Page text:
NEW YORK — Spring 1995 fabrics will cover a broad range of ideas, from bold prints and folkloric messages to softened textures and unusual mixes.

That’s the word from Lydia Caffery, Cotton Incorporated’s director of fashion marketing. Caffery made her forecasts in a presentation last month to about 100 representatives from mills, knitters, converters, apparel manufacturers and retailers. The presentation, entitled “Cacophony,” was held at Cotton Inc.’s headquarters here.

Caffery said the season will bring mixed layers in both short and long skirts and will have women’s wear influencing men’s fashions and vice versa.

“There’s enough room for all these looks, from explosive prints and rustic fabrics to refined textures and lightweight denims,” Caffery said. “We see consumers preferring comfort as well as fashion.”

Caffery showed about 100 apparel items from Tokyo, Rio de Janeiro, Buenos Aires, Guatemala, Paris, London and New York for silhouette and fabric ideas. Among them were handwoven cotton stripes from Guatemala, printed cotton corduroy surfing shorts from Rio, and brushed rib knits from Tokyo.

As for color, Caffery said that whites dominate, and can be mixed with other tones, such as neutrals for yarn-dye stripes or floral prints. She noted the season also will feature “electric colors” such as tangy yellow, coral-orange and violet, which can be used alone or with pastels or neutrals for activewear, rainwear, beachwear and jeans.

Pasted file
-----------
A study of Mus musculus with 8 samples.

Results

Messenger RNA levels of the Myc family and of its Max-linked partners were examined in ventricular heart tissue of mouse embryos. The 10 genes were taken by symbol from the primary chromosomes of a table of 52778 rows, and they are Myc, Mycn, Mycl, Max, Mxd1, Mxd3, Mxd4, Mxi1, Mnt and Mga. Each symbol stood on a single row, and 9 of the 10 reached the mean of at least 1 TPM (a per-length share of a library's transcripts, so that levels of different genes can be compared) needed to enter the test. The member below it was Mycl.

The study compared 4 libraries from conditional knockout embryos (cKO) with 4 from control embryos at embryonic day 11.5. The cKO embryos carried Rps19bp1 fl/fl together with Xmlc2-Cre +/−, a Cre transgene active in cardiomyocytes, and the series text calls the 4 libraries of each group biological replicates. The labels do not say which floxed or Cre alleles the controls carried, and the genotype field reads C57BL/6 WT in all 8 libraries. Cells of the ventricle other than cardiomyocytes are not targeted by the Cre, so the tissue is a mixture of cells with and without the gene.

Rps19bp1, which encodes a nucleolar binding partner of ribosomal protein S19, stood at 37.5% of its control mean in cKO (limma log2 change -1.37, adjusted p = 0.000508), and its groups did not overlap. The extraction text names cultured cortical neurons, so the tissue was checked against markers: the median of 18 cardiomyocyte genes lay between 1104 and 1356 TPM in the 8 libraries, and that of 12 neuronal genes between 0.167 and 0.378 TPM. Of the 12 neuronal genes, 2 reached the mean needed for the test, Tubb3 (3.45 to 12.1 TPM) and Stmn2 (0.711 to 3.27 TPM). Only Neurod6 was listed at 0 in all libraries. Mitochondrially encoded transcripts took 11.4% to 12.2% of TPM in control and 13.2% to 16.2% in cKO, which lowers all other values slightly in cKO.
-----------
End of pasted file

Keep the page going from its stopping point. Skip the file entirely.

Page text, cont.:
Caffery’s four spring themes are:

  • Enchantment, highlighted by soft silhouettes in sheers, laces, crochets and gauzes. For prints, the theme ranges from scenic motifs and wallpaper flowers to leaves and tone-on-tone stencils.
  • Agrarian, focusing on environment and nature themes such as print motifs portraying farm scenes. Other print ideas include grassy landscapes, leaves and peacock feathers. Well-worn fabrics such as basket weaves, nub and slub textures, plaids and rustics typify the look. Also important are lightweight denims, square weaves, muslins, marled yarn textured knits and wovens, crinkles, clip spots and fabrics with float yarns.
  • Isle, featuring exotic island themes in prints and wovens. Batiks, with irregular dyes or dipped to create an ombre-dyed effect, are prominent. Gauzes, crinkles, textured knits and wovens are also important, as are themes of fruits, vegetables, fauna, and those reflecting Indonesian, Balinese, Caribbean and Polynesian ideas.

  • Marketplace, using looks mainly from Latin countries. Handcrafted and folklore messages like handwoven fabrics, yarn-dye stripes and cotton and linen blends are featured. Ikats, tie-dyes and Guatemalan stripes with embroidered vivid florals are included.